The Goldendale Sentinel - Headlines & History since 1879

By Jim White
What is in the Sky 

Lunar eclipse to highlight September

 


The highlight of summer’s last month will come on Sept. 27, when we have a total lunar eclipse. The eclipse will have already begun when the Moon rises, at about 6:55 p.m. Maximum eclipse will be at about 7:45 p.m., and the full phase will last until about 8:20 p.m. By 9:30 p.m., the eclipse will be finished.

The Moon will appear a bit bigger than normal, since it is at its perigee, the closest point to us in the lunar orbit. This is sometimes referred to as a “super moon.” It’ll be about 14 percent larger than average and since it will be low in the sky, near the horizon, it makes for great photos!

The Moon will also be reddish, due to the Earths’ atmosphere. Even though the Earth is blocking sunlight from reaching the Moon, some sunlight passing through our atmosphere is bent (refracted) so it illuminates the lunar surface. And, since our atmosphere scatters the shorter, blue wavelength light and allows longer wavelength, red light to pass through, the Moon appears red. Next chance is Jan. 31, 2018.

A great place to view the eclipse is the Goldendale Observatory. From atop Observatory Hill, you can watch the partially-eclipsed Moon rise on the horizon and learn about the heavens from Interpretive Specialist Troy Carpenter. If you’ve not visited the Observatory, this is a great time to do so.

September is a good month for stargazing. Saturn remains visible, very low in the southeastern sky. By the end of the month, Saturn will set at 9 p.m. Venus, Mars, and Jupiter have circled the Sun, and are now visible in early morning hours. Venus will be the very bright “morning star” in the east.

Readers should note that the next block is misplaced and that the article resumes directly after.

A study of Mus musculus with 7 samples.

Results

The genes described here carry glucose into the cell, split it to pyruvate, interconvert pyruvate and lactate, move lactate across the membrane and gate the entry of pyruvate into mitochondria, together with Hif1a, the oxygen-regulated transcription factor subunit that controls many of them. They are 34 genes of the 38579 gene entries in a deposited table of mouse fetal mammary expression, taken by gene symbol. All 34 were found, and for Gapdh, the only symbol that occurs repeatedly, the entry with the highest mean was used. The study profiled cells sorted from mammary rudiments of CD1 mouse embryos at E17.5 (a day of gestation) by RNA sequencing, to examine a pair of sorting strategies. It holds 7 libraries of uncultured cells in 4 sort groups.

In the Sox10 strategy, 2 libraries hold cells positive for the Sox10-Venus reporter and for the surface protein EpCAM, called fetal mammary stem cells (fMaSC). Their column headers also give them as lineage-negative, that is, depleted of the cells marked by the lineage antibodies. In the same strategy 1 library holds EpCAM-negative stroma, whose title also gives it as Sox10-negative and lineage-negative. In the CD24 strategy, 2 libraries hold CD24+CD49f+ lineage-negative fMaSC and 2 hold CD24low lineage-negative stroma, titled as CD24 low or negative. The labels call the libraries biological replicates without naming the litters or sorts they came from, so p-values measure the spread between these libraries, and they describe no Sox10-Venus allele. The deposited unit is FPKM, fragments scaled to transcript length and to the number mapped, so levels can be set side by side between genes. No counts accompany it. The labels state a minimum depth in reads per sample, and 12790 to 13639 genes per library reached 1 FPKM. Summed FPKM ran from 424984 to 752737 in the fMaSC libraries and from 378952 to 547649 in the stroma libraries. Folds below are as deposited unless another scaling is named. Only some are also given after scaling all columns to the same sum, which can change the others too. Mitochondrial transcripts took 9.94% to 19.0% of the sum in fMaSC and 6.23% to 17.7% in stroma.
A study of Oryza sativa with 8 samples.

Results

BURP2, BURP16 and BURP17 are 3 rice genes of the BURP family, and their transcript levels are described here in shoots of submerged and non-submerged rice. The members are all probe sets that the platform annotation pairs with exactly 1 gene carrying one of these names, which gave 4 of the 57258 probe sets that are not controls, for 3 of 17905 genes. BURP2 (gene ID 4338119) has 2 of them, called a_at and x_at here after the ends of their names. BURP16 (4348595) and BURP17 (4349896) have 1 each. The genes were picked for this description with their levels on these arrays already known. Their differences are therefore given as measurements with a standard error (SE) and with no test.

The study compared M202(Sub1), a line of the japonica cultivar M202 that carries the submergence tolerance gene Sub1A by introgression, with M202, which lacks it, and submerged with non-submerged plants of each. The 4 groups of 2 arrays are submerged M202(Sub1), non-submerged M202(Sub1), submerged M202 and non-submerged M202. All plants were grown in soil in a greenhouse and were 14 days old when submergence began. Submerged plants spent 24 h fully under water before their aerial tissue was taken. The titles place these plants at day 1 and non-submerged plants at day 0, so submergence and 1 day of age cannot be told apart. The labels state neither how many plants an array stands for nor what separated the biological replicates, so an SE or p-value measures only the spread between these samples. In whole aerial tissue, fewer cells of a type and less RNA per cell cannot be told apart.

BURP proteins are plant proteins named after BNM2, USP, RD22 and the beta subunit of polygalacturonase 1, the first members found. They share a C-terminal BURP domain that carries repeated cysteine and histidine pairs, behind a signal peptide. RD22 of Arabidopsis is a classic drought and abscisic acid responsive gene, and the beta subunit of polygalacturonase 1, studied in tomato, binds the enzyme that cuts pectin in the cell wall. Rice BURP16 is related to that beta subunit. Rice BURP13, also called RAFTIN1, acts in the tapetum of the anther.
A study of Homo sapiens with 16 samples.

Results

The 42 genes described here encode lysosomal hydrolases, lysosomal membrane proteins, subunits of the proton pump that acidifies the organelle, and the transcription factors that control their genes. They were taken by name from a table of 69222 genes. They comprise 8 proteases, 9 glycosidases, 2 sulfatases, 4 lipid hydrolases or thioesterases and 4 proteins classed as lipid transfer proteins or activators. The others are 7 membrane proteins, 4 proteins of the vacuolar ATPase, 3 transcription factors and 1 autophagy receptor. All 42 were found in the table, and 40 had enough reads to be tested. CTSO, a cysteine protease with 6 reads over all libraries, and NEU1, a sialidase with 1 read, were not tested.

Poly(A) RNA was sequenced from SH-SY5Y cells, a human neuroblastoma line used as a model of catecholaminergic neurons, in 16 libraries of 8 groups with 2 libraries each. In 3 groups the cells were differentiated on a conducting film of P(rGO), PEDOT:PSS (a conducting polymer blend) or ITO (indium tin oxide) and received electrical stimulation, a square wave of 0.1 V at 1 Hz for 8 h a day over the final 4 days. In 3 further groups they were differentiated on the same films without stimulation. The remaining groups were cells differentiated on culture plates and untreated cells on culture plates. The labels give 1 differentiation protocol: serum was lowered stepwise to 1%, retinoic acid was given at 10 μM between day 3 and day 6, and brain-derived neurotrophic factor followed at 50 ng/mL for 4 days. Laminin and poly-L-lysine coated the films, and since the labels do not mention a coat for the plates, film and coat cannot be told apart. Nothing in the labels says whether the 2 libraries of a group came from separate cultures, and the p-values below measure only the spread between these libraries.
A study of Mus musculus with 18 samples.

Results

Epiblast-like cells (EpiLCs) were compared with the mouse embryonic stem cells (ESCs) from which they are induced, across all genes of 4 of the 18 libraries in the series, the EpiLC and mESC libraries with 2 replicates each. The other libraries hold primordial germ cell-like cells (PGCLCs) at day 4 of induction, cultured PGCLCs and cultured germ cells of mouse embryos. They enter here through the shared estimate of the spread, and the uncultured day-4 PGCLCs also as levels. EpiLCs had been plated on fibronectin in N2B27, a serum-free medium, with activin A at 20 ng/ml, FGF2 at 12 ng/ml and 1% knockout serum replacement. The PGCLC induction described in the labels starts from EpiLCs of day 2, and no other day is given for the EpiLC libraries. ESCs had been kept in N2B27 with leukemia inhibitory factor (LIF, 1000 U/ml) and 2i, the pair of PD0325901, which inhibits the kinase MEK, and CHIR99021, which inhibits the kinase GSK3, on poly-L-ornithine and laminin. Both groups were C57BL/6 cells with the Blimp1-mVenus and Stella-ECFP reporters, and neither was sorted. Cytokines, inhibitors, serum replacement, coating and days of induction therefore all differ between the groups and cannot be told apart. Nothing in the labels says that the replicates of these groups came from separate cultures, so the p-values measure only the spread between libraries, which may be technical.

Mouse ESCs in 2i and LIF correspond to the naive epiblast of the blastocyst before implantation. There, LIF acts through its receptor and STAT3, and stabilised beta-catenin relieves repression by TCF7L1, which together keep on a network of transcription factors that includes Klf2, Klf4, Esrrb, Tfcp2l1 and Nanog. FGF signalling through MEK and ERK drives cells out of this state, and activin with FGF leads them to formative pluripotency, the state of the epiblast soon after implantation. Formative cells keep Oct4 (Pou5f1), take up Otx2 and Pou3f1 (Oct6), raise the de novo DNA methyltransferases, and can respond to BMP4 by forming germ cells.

The constellation Pegasus is now high in the eastern sky. Pegasus is easily recognized by its “Great Square” of four prominent stars of similar brightness. Look to the left, from the left-most of the 4 stars, and you’ll make out a line of fairly bright stars, the constellation Andromeda. The “W” shape of the constellation Cassiopeia is above and to the left of Andromeda.

Join me at the Conboy National Wildlife Refuge in the evening of Sept. 5, the Saturday of Labor Day weekend, starting at 7:30 p.m. We will be able to see stars, star clusters, galaxies, and maybe the ringed planet Saturn, if it’s not too low in the southwest.

With a pair of binoculars, and a dark sky, there are a couple of interesting objects you can locate in this area. One is the Andromeda galaxy, our “neighbor”, at over 2 million light-years distant. Use the map with this article, and point your binoculars toward Andromeda. The galaxy will appear as a hazy patch of light. What you are seeing is the collective light from billions of stars in that galaxy! Now look to the left of Andromeda, just below Cassiopeia. Look for a hazy patch of light that you can see with the naked eye, and use the binoculars on it. You are seeing two open clusters of stars, known as the “double cluster”. They are very impressive in a telescope, and also are very nice with binoculars.

Speaking of telescopes, join me at the Conboy National Wildlife Refuge in the evening of Sept. 5, the Saturday of Labor Day weekend, starting at 7:30 p.m. I’ll talk about the upcoming eclipse, and we will be able to see stars, star clusters, galaxies, and maybe the ringed planet Saturn, if it’s not too low in the southwest. Bring binoculars, and a telescope if you have one. Location is the Conboy Lake National Wildlife Refuge Headquarters, east of Glenwood and west of Trout Lake. Hope to see you there!